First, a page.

Making Sense of the Grocery Store Aisles
The following appeard in the January 2012 issue of Etc. For Her Magazine.
Dr. Corale Dorn graduated from Iowa Sate University in 2001. Originally from Kadoka, SD she completed her Animal Science degree at South Dakota State University before getting her Doctor of Veterinary Medicine degree. Dr. Dorn works with all of the animals, but devotes much of her time with dairy management, newborn calf health and specialized orthopedic and soft tissue surgeries.
Being a second generation veterinarian, she has always had a potpourri of animals including dogs, cats, horses, cattle, pigs, milking goats, birds and fish. Her husband, Dan, and her 3 children enjoy their cat Garfield and dog Abby at their home in Dell Rapids where she works at Dells Veterinary Services.
Veterinarian provides perspective on choosing the right foods for her family
By Dr. Corale Dorn, DVM
The list. We all have one. Whether it is on a smartphone, a notepad, or on the back of an envelope, we are all trying to keep track of ever-growing lists of things to do. For my family of five, the list changes by season and which activities my kids are participating in, but one thing is always there: "Buy Groceries."
In addition to planning the family’s meals and snacks at home, there is always food to take somewhere … snacks for softball practice, salad for the church council meeting, hot dogs for the neighbor’s cookout, cookies for the bake sale. It makes for a very daunting grocery list.
The "Buy Groceries" entry on the list is even more overwhelming when I think about how significantly those two words impact not only my family, but also my community and my world. Beyond meeting our daily nutrition needs, the food I choose plays a role in preventing childhood obesity, saving the earth, preventing cancer, heart attacks and diabetes, avoiding food borne illnesses. And, don't forget that it has to taste good and not break the bank!
At the grocery store, we are bombarded with choices and labels: Natural, organic, free range, hormone free, fat free, etc. We pay attention because we want what is best for our families. But, some of the labels also carry a higher price tag. How do we know which ones are better and worth paying extra for?
As a veterinarian, I’m fortunate to work daily with farmers and ranchers who care deeply for the animals they raise. I have a good understanding of how animals are produced, processed, and delivered to my grocery store or restaurant plate. Even with this background, I have to look closely at the labels of food that I purchase.
Some labels are straightforward. For example, the U.S. Department of Agriculture has issued specific guidelines for organic products. There is a certification process for farmers who grow organic produces, as well as those who raise organic meat, milk or egg products.
Other product claims are less clear. There are no guidelines for what free-range egg production means. It could mean anything from chickens that truly “roam free” around a pasture to ones with a small yard outside a barn to ones that are raised indoors but can see out a window. The same uncertainty can be applied to terms such as natural, sustainable, etc. I applaud the concepts, but without a specific definition of how the animal was cared for, or the produce raised, I'm not willing to pay extra for it.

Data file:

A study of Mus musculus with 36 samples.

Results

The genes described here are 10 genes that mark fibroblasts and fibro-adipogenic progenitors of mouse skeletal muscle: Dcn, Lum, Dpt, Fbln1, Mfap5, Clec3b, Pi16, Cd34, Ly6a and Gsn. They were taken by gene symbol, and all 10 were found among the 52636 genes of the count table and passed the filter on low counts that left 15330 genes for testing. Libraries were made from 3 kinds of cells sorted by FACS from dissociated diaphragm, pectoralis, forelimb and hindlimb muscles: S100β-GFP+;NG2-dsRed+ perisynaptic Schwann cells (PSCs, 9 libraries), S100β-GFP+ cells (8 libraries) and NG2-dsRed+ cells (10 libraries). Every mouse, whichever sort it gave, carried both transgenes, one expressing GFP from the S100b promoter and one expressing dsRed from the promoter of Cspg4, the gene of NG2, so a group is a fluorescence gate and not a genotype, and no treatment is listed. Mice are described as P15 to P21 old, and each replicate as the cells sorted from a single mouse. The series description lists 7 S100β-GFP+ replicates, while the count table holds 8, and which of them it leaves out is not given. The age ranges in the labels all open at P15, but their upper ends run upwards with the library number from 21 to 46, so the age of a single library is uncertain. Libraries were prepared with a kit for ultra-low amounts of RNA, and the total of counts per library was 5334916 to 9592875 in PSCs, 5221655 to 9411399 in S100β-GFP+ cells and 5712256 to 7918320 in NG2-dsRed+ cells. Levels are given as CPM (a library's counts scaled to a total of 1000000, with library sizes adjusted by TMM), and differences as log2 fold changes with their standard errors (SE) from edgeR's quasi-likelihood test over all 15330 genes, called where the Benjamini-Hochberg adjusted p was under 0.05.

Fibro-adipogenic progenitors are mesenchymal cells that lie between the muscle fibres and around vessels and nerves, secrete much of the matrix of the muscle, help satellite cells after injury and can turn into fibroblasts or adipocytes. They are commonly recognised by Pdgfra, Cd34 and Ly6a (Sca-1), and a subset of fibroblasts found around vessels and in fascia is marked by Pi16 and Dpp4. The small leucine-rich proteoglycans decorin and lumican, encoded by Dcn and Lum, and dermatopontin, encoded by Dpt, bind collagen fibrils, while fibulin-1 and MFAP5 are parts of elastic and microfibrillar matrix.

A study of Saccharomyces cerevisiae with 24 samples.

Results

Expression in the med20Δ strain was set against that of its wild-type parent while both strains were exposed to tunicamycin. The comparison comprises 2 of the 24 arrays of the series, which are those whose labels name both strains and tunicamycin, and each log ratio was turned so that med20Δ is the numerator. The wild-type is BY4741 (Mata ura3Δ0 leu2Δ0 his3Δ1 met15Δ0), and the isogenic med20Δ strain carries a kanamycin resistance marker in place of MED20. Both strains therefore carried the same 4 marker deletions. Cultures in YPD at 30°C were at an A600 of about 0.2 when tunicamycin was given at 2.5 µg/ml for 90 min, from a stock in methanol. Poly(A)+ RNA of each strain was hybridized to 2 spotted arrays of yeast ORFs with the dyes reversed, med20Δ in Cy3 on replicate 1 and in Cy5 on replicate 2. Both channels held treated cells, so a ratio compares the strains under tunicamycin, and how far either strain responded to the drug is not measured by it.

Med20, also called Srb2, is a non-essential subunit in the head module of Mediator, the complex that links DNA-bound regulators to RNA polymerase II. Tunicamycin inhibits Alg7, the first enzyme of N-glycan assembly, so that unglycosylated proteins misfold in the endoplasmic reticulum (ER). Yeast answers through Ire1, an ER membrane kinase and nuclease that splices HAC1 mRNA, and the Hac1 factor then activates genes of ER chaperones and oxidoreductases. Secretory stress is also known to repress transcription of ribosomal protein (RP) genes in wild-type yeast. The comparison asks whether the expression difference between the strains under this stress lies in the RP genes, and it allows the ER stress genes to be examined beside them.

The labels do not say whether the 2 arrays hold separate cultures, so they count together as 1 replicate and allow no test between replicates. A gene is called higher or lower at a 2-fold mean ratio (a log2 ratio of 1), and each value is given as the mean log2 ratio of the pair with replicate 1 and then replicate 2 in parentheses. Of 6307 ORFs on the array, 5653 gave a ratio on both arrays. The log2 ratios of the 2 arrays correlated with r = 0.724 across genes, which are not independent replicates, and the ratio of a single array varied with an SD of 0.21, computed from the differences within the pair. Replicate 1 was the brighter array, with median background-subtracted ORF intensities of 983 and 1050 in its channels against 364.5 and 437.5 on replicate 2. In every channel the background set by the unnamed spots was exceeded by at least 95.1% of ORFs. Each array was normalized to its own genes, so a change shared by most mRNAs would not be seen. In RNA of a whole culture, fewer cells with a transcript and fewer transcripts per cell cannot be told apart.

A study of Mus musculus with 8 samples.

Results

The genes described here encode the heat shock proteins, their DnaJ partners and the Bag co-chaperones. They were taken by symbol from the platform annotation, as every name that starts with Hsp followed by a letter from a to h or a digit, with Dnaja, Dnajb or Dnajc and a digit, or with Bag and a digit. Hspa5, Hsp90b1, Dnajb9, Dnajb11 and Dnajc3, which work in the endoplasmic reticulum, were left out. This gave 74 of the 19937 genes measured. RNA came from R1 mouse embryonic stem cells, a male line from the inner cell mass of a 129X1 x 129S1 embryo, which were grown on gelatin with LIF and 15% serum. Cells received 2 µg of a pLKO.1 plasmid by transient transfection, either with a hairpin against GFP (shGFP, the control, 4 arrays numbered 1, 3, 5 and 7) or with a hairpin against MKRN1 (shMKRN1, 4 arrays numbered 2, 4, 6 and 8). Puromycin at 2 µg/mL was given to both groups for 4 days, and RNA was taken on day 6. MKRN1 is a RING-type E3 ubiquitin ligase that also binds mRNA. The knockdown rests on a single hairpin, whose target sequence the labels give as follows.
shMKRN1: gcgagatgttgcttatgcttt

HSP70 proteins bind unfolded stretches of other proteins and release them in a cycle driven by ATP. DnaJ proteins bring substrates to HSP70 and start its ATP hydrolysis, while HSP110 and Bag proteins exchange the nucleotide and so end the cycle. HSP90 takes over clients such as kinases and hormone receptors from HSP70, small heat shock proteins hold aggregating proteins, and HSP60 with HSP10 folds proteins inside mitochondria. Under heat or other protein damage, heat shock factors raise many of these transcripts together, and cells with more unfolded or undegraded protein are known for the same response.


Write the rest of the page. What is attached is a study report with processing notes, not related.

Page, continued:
I've spent my entire life watching farmers care for animals. My parents are veterinarians in Kadoka, South Dakota, and I earned degrees from South Dakota State University and Iowa State University College of Veterinary Medicine. I've been practicing in Dell Rapids for the past 10 years, working primarily with farmers to care for beef and dairy cattle and sheep.
I spend most of my time with farmers on prevention -- doing everything we can to make sure that animals are well-fed, well-rested and comfortable. In many cases, this includes housing animals in climate-controlled barns that protect them from South Dakota weather and the spread of disease. It also includes carefully planned diets that are often monitored by nutritionists, and training employees on how to handle animals calmly to reduce stress on the animals and keep employees safe.
Just like humans, cattle, pigs and sheep are often vaccinated to prevent diseases. If an animal does get sick, it is examined by a veterinarian and treated. As a mom, I believe it is important to use antibiotics and other medicines to responsibly treat my children when they are sick. As a veterinarian, I also believe it is important to responsibly treat animals that are sick.
I work closely with farmers to prescribe the right medications for animals in appropriate doses. Farmers keep detailed written records to keep treated animals out of the meat production or dairy production process until medicines have left the animal's system. Meat and dairy processors also have stringent testing procedures to make sure all products meet safety requirements before they are processed for consumers.
Each shopper will choose the "label" that is most important to them, but when I go shopping for my family, I'm confident that all of the meat, milk and eggs on the store shelves were raised by farmers who took great pride in their work and their animals.